January 02, 2017

(STATS) - Considering the way they have played with resolve and overcome adversity, Youngstown State coach Bo Pelini feels his Penguins have made the most significant change over the entire season which ends Saturday with the NCAA Division I FCS Championship Game.

Mike Houston, his counterpart on fourth-seeded James Madison, believes Youngstown State changed the most midway through the season after Pelini restored junior quarterback Hunter Wells to the starting role. Wells had held it in each of the two previous seasons, so what was old became new again with the Penguins.

"Well, we've watched the entire season, and I think that that was probably the turning point," Houston said. "I think that's probably, you know, just a very experienced coaching move there in making a change when you knew you had to. Because I think that there was a lot of inconsistency and the offense was not performing at a real high level at that point."

Unseeded Youngstown State (12-3) is the surprising championship qualifier, while CAA champion James Madison (13-1) isn't so surprising, although it had to knock off North Dakota State's FCS dynasty in the semifinals to reach the final at Toyota Stadium in Frisco, Texas.

Youngstown State was 5-2 when Wells became the starter again on Oct. 29, but the Penguins surely had some nervous vibes because they had collapsed down the stretch in the three previous seasons to keep alive an FCS playoff drought that started in 2006. The offense had hit season lows while rallying in the fourth quarter to wins over Illinois State and Northern Iowa and then while dropping from first place in the Missouri Valley Football Conference with a loss at South Dakota State.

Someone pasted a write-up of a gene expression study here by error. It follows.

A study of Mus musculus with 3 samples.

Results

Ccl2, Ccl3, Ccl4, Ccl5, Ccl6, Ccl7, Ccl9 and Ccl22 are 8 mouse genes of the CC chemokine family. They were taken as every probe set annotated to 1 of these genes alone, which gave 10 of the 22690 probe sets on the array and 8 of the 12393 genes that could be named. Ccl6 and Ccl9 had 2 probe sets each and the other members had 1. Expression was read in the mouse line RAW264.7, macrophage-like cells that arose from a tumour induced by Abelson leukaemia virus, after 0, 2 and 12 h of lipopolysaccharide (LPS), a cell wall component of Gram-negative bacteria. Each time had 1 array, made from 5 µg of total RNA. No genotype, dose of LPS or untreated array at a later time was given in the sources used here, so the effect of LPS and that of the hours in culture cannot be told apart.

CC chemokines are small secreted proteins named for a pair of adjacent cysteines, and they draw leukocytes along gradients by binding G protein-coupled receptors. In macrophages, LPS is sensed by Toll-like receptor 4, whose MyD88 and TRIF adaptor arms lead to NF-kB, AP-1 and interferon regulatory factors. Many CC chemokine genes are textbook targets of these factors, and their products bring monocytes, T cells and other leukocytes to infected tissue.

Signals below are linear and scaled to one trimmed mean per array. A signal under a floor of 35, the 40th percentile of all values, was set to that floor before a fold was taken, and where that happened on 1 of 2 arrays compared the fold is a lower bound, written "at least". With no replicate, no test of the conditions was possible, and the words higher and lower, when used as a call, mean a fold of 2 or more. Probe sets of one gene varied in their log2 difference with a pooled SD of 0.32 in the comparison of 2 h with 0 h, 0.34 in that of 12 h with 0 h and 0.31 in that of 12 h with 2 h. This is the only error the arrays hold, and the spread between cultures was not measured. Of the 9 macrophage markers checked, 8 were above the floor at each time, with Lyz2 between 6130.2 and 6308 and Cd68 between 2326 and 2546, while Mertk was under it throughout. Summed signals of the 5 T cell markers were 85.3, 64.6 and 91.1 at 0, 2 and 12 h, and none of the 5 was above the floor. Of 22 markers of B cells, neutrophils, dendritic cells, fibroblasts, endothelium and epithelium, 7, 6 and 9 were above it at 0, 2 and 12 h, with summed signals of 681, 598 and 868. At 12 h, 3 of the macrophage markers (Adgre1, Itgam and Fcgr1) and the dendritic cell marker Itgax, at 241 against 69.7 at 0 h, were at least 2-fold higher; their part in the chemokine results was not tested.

Enter, or re-enter, Wells.

He had lost the starting job to senior Ricky Davis in training camp and both Davis and Trent Hosick were injured when the 6-foot-5, 220-pound Ohio native returned to the lineup for his 19th career start.

Although Wells didn't enjoy a fast start, offensive improvement has followed the Penguins, who are 7-1 since the change. They're putting up six more points per game than in the first half of the season, had a program-record 747 offensive yards against Missouri State to clinch a playoff bid and have won four straight playoff games while averaging 467.5 yards - up nearly 36 yards over the team's average. They haven't been below 30 points in five straight games.

"I think he's a lot more comfortable in the pocket," Pelini said. "I think he's really made some strides there as far as really sitting in there and making some difficult throws … he's played at a high level. And I think we've got better around him. I always say, best thing for a quarterback is to play well around him. He can't do it by himself. I think we've gotten better offensively, especially over the last month or so, and I think that's helped Hunter. He's obviously done his part very well."

Wells has completed 107 of 169 passes (63.3 percent) for 1,443 yards and nine touchdowns with only four interceptions. The team's three other quarterbacks have a 53.4 completion percent with more interceptions (nine) than touchdown passes (seven).

Houston points to the Penguins' offensive consistency deriving from Wells' experience and leadership. Wells helped lead come-from-behind wins over Wofford in the national quarterfinals and Eastern Washington in the semifinals.

"He does not put the ball in harm's way," Houston said. "He runs the offense efficiently. He makes good decisions in the passing game."

Player suspensions have hurt both teams in the playoffs, with Youngstown State losing some key players in the skills positions. Still, the Penguins have a strong 1-2 running punch of Jody Webb and Tevin McCaster to take pressure off Wells.

Pelini said he's told his players a couple times that their season is not about where they started, it's about where they finish. It may have more meaning for Wells than any player.